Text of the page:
The doors to a healthcare facility open and a man walks in, using a white cane. You’re working the information desk. Do you know what to do?
You’re a phlebotomist and you enter a patient’s room. The sign above the bed states the patient is blind. Do you know what to do?
We’re betting like many healthcare workers, you have an idea but you’re not quite sure if your idea is “right.” After all, you’ve probably had few interactions, if any, with people who are blind, have low vision, or are deafblind. And sometimes you can’t really tell if someone has a significant vision loss. So how do you know? What do you do? Prior to the COVID-19 pandemic, the American Foundation for the Blind (AFB) received funding from the Cabell Huntington Hospital Foundation in West Virginia to examine what challenges people with vision loss experience in healthcare situations. Once we understood the issues, we were tasked with developing training materials to guide and support healthcare workers.
Through the generosity of the Cabell Huntington Hospital Foundation and the James H. and Alice Teubert Charitable Trust, we are now able to share our research findings and the training materials we developed, at no cost.
The Free Resources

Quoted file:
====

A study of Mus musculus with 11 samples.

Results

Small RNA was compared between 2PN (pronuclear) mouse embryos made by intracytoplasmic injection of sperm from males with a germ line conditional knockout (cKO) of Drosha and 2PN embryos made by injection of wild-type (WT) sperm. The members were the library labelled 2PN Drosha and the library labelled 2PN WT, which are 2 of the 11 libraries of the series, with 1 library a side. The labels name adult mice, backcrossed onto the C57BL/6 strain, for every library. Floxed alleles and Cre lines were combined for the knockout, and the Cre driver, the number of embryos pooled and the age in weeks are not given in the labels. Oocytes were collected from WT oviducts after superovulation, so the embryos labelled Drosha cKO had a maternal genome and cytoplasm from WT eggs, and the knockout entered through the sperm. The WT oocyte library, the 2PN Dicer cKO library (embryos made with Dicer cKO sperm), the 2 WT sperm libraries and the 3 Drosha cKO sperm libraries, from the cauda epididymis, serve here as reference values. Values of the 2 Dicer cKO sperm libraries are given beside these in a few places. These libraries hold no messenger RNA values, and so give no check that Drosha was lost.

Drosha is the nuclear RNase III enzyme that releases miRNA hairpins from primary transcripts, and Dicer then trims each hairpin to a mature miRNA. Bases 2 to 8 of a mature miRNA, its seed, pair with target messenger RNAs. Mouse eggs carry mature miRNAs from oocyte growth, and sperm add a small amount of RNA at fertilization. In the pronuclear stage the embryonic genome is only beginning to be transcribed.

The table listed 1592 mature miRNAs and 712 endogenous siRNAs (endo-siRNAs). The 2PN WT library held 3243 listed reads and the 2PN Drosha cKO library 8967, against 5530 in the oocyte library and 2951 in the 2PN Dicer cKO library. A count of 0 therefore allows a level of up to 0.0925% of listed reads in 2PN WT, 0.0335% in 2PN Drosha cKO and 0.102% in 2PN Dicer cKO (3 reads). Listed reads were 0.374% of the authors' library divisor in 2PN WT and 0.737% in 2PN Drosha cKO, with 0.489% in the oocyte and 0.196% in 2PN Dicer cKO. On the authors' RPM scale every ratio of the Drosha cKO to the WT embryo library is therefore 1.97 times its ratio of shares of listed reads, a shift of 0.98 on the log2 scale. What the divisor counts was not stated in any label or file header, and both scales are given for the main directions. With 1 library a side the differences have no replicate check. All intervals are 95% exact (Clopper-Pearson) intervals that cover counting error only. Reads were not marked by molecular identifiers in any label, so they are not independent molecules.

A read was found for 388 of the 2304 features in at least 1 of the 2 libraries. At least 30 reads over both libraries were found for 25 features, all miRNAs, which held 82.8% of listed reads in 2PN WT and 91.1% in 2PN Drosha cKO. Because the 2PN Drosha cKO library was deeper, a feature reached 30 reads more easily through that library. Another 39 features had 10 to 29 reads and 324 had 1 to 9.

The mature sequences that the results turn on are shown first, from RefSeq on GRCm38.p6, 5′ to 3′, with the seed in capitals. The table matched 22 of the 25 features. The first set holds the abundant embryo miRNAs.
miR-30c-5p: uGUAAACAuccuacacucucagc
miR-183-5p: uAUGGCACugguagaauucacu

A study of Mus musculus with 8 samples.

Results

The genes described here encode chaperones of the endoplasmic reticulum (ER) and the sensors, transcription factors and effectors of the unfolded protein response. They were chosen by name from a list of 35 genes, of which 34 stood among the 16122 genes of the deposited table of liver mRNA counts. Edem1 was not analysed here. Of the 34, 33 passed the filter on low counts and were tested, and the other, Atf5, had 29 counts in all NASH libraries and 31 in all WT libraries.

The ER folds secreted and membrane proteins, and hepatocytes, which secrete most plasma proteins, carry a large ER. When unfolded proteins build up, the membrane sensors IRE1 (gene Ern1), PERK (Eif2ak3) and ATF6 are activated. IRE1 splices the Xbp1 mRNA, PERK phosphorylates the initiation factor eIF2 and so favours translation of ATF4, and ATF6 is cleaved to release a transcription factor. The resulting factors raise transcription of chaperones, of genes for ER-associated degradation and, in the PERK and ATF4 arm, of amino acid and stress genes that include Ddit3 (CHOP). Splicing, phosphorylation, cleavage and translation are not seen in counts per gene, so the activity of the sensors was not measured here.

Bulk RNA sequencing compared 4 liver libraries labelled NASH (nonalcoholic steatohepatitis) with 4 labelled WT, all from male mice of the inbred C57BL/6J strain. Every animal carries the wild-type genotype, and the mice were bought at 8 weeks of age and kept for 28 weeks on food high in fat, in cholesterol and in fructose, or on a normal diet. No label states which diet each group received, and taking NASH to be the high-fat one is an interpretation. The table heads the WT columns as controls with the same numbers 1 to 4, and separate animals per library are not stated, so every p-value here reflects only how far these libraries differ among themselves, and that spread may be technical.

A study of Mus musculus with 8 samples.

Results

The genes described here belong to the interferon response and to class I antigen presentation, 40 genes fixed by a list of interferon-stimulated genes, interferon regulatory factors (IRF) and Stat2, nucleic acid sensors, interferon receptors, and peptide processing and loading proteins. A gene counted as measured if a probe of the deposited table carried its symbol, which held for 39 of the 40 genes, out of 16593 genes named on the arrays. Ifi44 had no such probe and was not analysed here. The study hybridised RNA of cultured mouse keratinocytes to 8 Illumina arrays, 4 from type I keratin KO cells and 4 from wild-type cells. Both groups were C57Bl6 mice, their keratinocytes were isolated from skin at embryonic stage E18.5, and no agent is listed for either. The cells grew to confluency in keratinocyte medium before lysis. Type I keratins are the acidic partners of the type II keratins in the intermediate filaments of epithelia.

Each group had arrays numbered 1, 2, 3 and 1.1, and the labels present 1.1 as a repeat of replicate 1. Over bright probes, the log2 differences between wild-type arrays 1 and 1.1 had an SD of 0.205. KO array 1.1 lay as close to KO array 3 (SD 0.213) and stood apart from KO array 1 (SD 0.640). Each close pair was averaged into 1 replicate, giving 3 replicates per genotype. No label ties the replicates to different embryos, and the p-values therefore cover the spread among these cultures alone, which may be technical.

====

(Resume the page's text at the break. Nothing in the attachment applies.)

HANDOUTS: We created five handouts for healthcare workers in various positions. These 1-2 page handouts contain practical suggestions. Print, forward to colleagues, and post them on websites or key areas of your facility where healthcare workers will see them. Other healthcare workers will appreciate the information they contain.
TRAINING VIDEOS: Three AFB Research staff members took what we learned through our research and coupled it with our personal (two of us are visually impaired) and professional experiences. Together we designed a 40-minute training presentation (broken up into two videos) that have short activities embedded within. The information provided is practical and has examples shown through photos and short illustrative video clips.
PRE- and POST-TESTS: We designed a 10-item pre-test to be taken prior to viewing the videos for viewers to gauge their level of understanding before training. A 10-item post-test allows viewers to measure how much they learned after watching the videos.
Share, Share, and Share Some More
AFB is committed to creating a world of no limits for those who experience vision loss. These resources we developed for healthcare workers are based on meticulous research. We encourage you to share www.AFB.org/Healthcare with others, so they too can take advantage of our handouts, videos, and pre- and post-tests.
“They are good people who work in hospitals, but they just don’t know how to treat us,” said a woman with a visual impairment in one of the Fall 2019 focus groups. Through education of healthcare workers using the resources we developed, we hope the end result will be that no one with a visual impairment will ever utter these words again.